Regulations will change, banks will change

- Capital adequacy level to be announced soon — "We think an announcement regarding the Basel III capital adequacy standard and transition period will come early next week. We expect a detailed outline early in October, at which time we intend to issue an amended report."
- Significant revisions — "International agreements on banking regulations, hammered out in Basel, undergo major revisions in roughly 10-year cycles. This round (Basel III) will likely change the framework of banking regulations more than ever before."
- Restrictions on leverage — "In addition to capital quality and volume requirements, regulations where risk assets are the denominator will necessitate securing an additional capital buffer when the economy is recovering. Simple leverage (not based on risk weights) will also need to be made sufficient, so it will become harder to increase capital efficiency via leverage."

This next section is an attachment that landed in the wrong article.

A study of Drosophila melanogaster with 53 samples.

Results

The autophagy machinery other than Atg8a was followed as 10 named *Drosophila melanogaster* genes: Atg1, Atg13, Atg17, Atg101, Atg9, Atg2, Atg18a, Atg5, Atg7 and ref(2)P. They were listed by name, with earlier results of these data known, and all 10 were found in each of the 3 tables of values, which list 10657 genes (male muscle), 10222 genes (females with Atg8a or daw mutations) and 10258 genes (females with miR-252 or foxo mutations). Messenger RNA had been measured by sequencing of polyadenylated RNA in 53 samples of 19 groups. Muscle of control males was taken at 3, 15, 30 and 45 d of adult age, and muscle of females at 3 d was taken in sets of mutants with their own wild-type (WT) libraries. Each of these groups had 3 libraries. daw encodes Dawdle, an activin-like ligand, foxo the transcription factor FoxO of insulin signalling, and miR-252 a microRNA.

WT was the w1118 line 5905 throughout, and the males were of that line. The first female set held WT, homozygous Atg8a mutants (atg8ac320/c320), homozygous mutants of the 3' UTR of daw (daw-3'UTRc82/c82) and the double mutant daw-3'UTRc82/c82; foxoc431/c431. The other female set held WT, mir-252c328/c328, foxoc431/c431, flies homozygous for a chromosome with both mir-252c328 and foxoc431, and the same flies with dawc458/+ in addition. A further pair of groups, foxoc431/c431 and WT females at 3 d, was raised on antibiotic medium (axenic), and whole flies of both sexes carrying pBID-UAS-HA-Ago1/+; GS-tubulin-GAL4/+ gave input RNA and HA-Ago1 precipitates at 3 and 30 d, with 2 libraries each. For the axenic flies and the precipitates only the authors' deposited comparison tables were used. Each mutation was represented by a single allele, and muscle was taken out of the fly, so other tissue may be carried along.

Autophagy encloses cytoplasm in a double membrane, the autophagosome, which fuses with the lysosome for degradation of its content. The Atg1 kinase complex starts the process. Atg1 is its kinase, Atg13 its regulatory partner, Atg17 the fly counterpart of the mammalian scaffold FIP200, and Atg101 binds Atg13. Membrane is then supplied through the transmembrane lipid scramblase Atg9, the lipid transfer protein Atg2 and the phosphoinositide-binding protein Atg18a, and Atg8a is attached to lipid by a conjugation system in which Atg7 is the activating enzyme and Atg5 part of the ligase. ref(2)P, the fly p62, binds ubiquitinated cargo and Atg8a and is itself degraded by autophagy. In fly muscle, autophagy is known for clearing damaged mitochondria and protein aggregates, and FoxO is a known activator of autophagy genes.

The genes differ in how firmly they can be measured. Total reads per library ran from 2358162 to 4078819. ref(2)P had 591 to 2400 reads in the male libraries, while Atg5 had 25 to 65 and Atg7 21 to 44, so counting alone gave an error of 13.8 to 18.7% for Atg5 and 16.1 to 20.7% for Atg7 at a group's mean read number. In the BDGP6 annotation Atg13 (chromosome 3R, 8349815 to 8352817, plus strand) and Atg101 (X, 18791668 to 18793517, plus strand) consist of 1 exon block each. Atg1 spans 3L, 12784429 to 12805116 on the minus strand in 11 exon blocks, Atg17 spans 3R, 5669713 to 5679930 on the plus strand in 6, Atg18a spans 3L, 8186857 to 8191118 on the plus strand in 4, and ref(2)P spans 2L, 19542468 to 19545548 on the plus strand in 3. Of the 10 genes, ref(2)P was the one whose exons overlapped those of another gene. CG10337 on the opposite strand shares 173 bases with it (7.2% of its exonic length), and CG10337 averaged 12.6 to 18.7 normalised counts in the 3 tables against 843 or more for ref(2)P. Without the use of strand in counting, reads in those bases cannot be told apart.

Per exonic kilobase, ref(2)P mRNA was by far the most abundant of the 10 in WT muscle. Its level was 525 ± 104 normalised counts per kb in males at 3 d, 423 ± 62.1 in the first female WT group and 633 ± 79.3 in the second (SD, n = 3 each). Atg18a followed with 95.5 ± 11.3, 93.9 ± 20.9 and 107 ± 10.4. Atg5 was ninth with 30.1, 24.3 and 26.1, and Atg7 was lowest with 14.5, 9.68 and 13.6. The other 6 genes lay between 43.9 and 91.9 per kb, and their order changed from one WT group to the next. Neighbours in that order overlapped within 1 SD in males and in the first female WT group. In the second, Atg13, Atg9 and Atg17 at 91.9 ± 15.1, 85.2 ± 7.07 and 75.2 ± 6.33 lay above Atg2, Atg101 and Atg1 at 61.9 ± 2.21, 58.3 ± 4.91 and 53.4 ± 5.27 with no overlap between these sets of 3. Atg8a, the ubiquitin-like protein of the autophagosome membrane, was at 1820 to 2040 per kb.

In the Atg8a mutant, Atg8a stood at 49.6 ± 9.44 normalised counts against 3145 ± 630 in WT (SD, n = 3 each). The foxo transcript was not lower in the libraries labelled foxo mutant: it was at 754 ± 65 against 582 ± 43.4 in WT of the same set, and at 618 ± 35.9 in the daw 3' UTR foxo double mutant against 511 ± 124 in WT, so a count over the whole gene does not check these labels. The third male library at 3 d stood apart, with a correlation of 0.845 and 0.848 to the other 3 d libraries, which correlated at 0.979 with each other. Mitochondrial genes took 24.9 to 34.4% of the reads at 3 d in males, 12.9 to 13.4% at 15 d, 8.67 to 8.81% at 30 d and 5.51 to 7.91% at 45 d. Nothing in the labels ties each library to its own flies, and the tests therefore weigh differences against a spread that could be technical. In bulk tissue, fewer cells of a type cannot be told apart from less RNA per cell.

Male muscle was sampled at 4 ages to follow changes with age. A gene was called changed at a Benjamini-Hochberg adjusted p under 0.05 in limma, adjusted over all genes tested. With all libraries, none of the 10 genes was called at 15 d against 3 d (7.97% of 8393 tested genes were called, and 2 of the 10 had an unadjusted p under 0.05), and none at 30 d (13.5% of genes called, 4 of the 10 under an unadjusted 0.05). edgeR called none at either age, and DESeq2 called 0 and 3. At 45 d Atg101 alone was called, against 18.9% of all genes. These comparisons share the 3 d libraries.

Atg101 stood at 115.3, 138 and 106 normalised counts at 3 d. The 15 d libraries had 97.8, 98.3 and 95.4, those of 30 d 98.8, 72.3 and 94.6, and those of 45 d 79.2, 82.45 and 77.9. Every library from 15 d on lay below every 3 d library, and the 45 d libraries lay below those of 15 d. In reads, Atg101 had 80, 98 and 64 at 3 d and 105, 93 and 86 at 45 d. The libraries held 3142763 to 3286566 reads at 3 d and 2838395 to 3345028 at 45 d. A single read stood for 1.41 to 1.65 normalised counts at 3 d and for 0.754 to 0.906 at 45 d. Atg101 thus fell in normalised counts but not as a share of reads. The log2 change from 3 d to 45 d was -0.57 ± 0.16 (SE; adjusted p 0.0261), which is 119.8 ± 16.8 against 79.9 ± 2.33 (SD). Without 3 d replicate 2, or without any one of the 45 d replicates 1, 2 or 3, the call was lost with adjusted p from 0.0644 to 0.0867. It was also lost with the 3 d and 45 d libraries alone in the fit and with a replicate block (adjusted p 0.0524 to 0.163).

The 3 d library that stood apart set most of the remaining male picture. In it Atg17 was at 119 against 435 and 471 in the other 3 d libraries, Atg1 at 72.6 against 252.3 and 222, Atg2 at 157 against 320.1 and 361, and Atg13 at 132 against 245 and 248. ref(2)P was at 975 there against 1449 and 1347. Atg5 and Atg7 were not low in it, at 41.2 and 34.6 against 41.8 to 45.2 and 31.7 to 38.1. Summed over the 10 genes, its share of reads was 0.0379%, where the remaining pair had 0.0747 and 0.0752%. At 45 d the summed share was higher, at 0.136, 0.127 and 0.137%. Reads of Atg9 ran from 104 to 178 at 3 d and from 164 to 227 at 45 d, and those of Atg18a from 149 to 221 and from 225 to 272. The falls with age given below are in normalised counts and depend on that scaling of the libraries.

- Stabilizing financing — "New regulations regarding liquidity will be added, which will look at whether banks 1) are fully prepared for a short-term capital outflow and 2) can maintain stable financing over the long term. We think Japanese banks are in a relatively good position, but European banks may have to shrink capital to meet numerical targets."
- Road to final proposal — "BIS already detailed some supplementary proposals (capital buffer) and palliative measures (items deducted from capital, etc.) based on discussions regarding the consultative document released in December 2009. After the Basel conference in September, the G20 will agree on a framework in November, with the final proposal to be inked in December."
- Impact on banking sector — "We think major banks and major regional banks in Japan have more or less finished preparations for stricter regulations. However, with scope for leverage-based operations limited, bank capital ratios are likely to fall globally."